Ayutthaya is Thailand‘s unsung archaeological miracle: a vision of Buddhist temples, monasteries and ancient statues of monumental dimensions. Dating back to 1350, the city has experienced a turbulent history, rich in episodes of glory and strife. Now a Unesco World Heritage site, it demands your attention; here is our list of the top 10 things to do and see in.
By Thai standards, Bangkok is a modern city. The Thai monarchy were forced to relocate there after their royal capital of Ayutthaya – named after the mythical city of the hero-god Rama – was attacked and burnt to the ground by the Burmese army in 1767. Prior to that, the crumbling ruins you see today had been glorious – glittering with stupas, Buddhist libraries and gold-covered palaces and surrounded by gondola-filled waterways. Allow plenty of time to drift about this magical place.
It looks like a miniature Angkor Wat – notice the Khmer-style stupa (or prang) covered with statues of the legendary god-bord Garuda, towering over a courtyard of chedis and a ruined temple hall. Once it was one of Thailand’s most impressive temples. A handful of precious relics, recaptured from drunken looters who raided the temple in 1957, brought in enough money to pay for the construction of Ayutthaya’s museum. The remainder are still on display in the collection.
There’s not much to do in Ayutthaya after dark other than wandering abou the night market. Purpose-built with tourist transactions in mind, it is a whirlpool of stalls crammed with souvenirs – tiny by comparison with the sprawling night markets in Chiang Mai and Bangkok, which are better hunting grounds for bargain buys. Most people come for the street food – wok-cooked pad thais and curries, soups made with mouth-tingling morning glory and river fish and sushi – served at tables next to the river.
Ayutthaya’s most Instagrammable shot may just be the view of this 14th-Century temple, reflected in the water of Bueng Phra Ram lake, and silhouetted against a pink sky immediately after sunset. It is one of Ayutthaya’s oldest, most venerated temples, with colonnades of chedis and long galleries once used by Thai royals and courtiers. Unearthed at the temple in the 20th Century, a huge carved-sandstone Buddha footprint, covered in elaborate spirals with an intricate wheel-mandala, is preserved in the National Museum in Bangkok.
This enormous chedi towers over the landscape like a giant white bell, topped with a gold ball worth more than £100,000. It was built on top of an older structure by Ayutthaya’s most celebrated king, Naresuan, who reigned between 1590 and 1605. His statue, mounted on a horse, can be found in the grounds. The temple lies a little more than a kilometre from the main ruins and there are wonderful views of Ayutthaya, the river and lakes from the upper platform, reached via a steep set of stairs.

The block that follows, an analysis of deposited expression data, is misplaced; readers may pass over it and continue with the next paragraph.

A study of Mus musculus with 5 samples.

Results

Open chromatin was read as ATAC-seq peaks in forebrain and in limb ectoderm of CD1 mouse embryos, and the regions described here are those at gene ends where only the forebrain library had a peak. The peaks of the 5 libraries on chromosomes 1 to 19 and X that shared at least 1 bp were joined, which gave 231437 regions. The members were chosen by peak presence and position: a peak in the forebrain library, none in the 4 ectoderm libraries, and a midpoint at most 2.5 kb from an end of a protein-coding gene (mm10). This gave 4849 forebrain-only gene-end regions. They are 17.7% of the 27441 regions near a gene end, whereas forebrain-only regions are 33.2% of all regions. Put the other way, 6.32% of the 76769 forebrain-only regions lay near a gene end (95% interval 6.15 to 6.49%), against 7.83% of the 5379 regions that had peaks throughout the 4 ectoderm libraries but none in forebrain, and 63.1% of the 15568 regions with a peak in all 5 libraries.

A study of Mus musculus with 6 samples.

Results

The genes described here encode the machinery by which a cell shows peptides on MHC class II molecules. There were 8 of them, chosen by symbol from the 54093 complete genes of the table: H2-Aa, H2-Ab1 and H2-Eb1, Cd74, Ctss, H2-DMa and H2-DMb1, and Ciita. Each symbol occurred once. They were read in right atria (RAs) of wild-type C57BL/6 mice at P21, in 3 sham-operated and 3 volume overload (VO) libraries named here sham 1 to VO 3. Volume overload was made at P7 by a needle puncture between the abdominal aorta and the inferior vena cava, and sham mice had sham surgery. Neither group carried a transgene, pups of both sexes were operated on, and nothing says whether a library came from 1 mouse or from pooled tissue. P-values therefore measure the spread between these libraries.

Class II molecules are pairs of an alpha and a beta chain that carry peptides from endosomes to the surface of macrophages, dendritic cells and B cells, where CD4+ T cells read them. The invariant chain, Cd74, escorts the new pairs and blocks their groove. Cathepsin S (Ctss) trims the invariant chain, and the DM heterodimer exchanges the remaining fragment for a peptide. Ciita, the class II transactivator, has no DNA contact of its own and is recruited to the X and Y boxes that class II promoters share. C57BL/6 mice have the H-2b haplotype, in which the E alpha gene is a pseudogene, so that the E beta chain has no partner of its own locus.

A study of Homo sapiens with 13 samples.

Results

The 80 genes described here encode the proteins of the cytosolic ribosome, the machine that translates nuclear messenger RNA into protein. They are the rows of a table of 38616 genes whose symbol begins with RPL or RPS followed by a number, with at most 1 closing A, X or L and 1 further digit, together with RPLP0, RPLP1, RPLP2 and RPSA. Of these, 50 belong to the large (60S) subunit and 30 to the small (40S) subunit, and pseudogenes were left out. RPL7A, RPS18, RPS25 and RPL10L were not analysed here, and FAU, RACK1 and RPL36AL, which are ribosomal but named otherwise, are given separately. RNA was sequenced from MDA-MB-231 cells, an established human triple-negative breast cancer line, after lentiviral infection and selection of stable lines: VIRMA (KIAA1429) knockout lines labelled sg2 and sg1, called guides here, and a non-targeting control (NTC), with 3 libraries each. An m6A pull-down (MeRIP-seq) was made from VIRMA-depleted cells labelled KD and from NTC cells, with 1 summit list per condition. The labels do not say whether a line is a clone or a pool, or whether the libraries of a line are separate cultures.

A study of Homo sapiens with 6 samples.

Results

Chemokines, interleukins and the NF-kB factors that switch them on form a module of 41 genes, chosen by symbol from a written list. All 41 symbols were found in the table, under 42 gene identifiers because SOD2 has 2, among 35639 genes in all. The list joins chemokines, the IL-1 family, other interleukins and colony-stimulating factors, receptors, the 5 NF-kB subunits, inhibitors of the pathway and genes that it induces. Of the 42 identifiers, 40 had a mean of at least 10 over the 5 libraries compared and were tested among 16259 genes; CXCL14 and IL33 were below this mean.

Not all Ayutthaya’s temples are in sorry states of disrepair. Wat Yai Chaimongkol (the Temple of Auspicious Victory) is a working monastery, complete with a 20th Century viharn (prayer hall) and reclining Buddha remodelled from older structures. The towering central chedi echoes the summit of Mount Meru, a sacred, mythical peak. The temple itself dates from the early 14th Century and is named in honour of the defeat of the Burmese Crown Prince in single combat by the Ayutthaya king Naresuan in 1592.
It may be a long way from the sea, but Ayutthaya has its islands. Ko Loi sits in the middle of the Pa Sak river, linked to Ayutthaya town by a narrow footbridge off U Thong road, between the Bangkok Bank and the immigration office. There’s not much of historical interest to waylay you here, but there are no vehicles and, if you venture beyond the tourist crowds, you’ll find Ko Loi an agreeable place to cycle round, observing people fishing and going about their daily lives.
The first Europeans in Thailand were the Portuguese, who came to Ayutthaya in the 15th Century. Some 3000 of them lived in this now-ruined village, which borders the Chao Phraya a hundred or so metres north of the 2053 highway bridge. The only remains today are graveyards and a derelict church. But their community lives on in Kudi Jeen, in Bangkok. Many aristocratic Thais have Portuguse surnames, after the forebears who changed Thailand for ever, bringing chillies and papaya to the country.
Set up by the local tourist authorities for visitors keen to buy keepsakes for the folks back home, Ayutthaya’s floating market is a smaller, more concentated version of the real thing. For a £5 entrance fee, you are invited to board a boat for a tour of the diminutive lake, with stops to shop for souvenirs that aren’t always bargains. Visits are worth it if you want to top up your photograph bank of Thai vendors in straw hats selling their wares from canoes and long-tail boats.
Thailand embraces the water that surrounds it, and ferries and boats are hugely extremely popular modes of transport throughout the land. For our money one of the best experiences is a cruise – usually a day return – from Ayutthaya to Bangkok on the Chao Phraya River. As you chug along, you’ll relax and unwind to the engines’ thrum, the swish of the water, as magnificent sites rise on the riverbank. Tours can cost as little as £42, with air-conditioning and an expert English-speaking licensed guide to explain the attractions you pass.
Alex Robinson contributed additional reporting to this article.